Saturday, May 28, 2011

words

The coffin chase, from Charles Dickens' Tale of Two Cities


It has been my long-cherished desire to write something of beauty.  Something that held such volume in its space that it would be impossible to duplicate with any other combination of words.  Even beyond words, a beautiful story or even phrase that would set the heart free, or bind it in chains to the emotion that was inside.  This is my long cherished desire.

In the movie Broadcast News, we meet Aaron Altman in the first five minutes.  He is a 14-year-old valedictorian (and classroom know-it-all) from South Boston making his graduation speech while condescending all who are listening.  Afterward, he is seen being beaten by a group of jocks who take turns knocking him to the ground.  This is what follows on paper (the screenplay):
                         
                        AARON
               Go ahead, Stephen -- take your
               last licks.

                  (points at his face)

               But this will heal -- what I'm
               going to say to you will scar you
               forever.  Ready?  Here it is.

        [He dodges as they come after him.  
        They catch him by the hair
        and hurl him to the ground.  
        As he gets up he hurls his
        devastating verbal blow]

                               AARON
               You'll never make more than
               nineteen thousand dollars a year.
               Ha ha ha.

       [They twist his arm and grip him,
        his face scraped on the concrete]

                               AARON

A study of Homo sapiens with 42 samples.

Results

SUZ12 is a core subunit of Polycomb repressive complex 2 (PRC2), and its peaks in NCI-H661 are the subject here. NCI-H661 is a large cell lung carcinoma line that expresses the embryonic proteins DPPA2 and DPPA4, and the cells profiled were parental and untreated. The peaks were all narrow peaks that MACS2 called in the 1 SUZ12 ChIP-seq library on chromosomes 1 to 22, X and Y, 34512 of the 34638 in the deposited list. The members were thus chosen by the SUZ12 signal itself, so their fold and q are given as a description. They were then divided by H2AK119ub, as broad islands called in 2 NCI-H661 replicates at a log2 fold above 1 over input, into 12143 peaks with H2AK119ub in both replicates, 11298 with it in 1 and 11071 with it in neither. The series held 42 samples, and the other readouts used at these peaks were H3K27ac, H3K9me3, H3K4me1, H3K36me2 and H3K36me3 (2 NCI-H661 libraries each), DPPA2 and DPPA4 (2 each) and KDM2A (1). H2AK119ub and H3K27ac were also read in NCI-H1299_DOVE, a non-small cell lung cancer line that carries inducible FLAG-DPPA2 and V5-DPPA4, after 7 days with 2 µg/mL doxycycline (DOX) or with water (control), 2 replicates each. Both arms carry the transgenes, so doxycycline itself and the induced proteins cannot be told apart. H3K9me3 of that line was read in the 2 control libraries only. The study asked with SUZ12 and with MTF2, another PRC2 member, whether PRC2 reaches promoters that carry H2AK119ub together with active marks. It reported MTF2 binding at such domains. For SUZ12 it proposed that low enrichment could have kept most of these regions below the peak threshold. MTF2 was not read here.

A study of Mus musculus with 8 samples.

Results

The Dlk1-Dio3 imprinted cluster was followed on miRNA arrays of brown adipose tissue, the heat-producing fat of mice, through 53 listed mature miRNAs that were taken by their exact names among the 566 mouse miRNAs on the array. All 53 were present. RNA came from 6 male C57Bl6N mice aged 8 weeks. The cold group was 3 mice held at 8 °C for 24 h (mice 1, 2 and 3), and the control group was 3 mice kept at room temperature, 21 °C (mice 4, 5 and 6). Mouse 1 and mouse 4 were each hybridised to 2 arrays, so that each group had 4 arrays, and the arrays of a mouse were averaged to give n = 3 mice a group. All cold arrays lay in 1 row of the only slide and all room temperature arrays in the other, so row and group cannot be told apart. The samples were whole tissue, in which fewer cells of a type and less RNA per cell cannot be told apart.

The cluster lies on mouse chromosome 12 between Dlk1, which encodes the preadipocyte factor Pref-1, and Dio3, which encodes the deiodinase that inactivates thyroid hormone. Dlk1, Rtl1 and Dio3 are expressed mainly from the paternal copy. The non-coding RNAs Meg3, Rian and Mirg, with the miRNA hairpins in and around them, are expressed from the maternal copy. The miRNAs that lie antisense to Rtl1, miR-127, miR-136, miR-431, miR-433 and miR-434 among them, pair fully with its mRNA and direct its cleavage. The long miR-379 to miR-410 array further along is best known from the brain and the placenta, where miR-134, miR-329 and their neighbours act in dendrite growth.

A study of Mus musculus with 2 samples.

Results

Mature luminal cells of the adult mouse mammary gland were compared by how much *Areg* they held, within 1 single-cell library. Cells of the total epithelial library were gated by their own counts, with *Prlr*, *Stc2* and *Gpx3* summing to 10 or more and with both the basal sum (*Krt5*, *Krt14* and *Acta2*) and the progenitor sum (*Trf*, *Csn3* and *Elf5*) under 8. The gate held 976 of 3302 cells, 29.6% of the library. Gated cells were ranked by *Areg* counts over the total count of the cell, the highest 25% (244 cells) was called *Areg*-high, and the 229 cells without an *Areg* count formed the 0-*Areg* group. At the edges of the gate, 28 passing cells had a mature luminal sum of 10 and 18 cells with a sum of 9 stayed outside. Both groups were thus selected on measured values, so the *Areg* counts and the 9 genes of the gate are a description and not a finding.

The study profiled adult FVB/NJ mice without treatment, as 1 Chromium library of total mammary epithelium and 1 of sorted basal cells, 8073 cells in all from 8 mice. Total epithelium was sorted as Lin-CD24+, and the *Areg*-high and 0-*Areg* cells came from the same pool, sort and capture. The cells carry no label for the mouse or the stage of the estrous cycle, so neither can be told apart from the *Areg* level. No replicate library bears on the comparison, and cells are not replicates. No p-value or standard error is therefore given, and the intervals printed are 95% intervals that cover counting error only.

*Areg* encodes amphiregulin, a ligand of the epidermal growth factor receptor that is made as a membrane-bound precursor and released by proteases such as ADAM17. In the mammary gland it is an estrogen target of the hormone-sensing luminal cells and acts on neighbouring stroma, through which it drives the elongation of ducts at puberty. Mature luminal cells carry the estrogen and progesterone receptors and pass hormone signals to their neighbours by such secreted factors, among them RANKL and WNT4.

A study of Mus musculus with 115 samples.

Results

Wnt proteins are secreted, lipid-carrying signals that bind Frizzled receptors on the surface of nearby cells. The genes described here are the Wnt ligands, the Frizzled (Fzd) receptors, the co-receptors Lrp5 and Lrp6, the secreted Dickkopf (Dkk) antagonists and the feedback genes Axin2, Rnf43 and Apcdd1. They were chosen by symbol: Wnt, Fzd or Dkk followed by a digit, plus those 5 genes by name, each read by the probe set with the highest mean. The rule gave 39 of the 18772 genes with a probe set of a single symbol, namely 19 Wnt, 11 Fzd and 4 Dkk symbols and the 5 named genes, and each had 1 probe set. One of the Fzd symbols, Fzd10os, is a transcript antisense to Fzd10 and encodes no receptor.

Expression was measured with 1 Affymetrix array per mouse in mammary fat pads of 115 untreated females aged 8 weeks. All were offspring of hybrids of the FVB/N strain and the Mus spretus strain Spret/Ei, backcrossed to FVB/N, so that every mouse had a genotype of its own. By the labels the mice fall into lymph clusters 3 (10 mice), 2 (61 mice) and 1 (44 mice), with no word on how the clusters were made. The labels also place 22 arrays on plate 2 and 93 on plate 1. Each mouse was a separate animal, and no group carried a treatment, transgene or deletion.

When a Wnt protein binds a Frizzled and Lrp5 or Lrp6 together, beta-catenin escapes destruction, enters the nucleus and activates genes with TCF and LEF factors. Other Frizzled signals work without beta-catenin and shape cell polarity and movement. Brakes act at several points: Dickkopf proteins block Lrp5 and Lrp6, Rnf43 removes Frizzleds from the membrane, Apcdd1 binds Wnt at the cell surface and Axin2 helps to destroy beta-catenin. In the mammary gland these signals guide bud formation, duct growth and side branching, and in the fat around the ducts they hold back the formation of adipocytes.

Okay, take this:  You'll never
               leave South Boston and I'm going
               to see the whole damn world.  You'll
               never know the pleasure of writing
               a graceful sentence or having an
               original thought.  Think about it.

To this day, the Aaron Altman curse catapults me to the first time I saw the movie, nearly tearful in the opening scene, touched by the way the three main characters are introduced to us as children.  Written by James L. Brooks, it is a movie screenplay that is a thing of beauty...a quotable, fast mind-bending exercise in relationships that are woven in and out of words that depict the hearts of the players perfectly.

Perfectly.

In 1849, Charles Dickens published his 45 chapter novel, Tale of Two Cities in a periodical in London called "All The Year 'Round" .  The first paragraph of the now classic novel is one most can identify in its first sentence: 
"It was the best of times, it was the worst of times, it was the age of wisdom, it was the age of foolishness, it was the epoch of belief, it was the epoch of incredulity, it was the season of Light, it was the season of Darkness, it was the spring of hope, it was the winter of despair, we had everything before us, we had nothing before us, we were all going direct to heaven, we were all going direct the other way - in short, the period was so far like the present period, that some of its noisiest authorities insisted on its being received, for good or for evil, in the superlative degree of comparison only."
This is only the beginning of Dickens' desperate and haunting story of the evil men are capable of during hard times; and the goodness in our hearts that springs forth so unexpectedly.  For once, the French Revolution is given a face: the faces of people who become so touchable and real and full of life, we could be living next door to them.  Today a less-remembered quote from the story has been rolling around in my head... simply because it depicts loneliness and death as a coffin chasing someone running from it.  It has given my grief words tonight...again.


The words on page are only there for a moment.  To those of us who absorb them into our skin, and eventually into our hearts, they become libraries of life, hope and beauty.  


I remember words that are valuable.

Good writing should be appreciated, and can never be underestimated.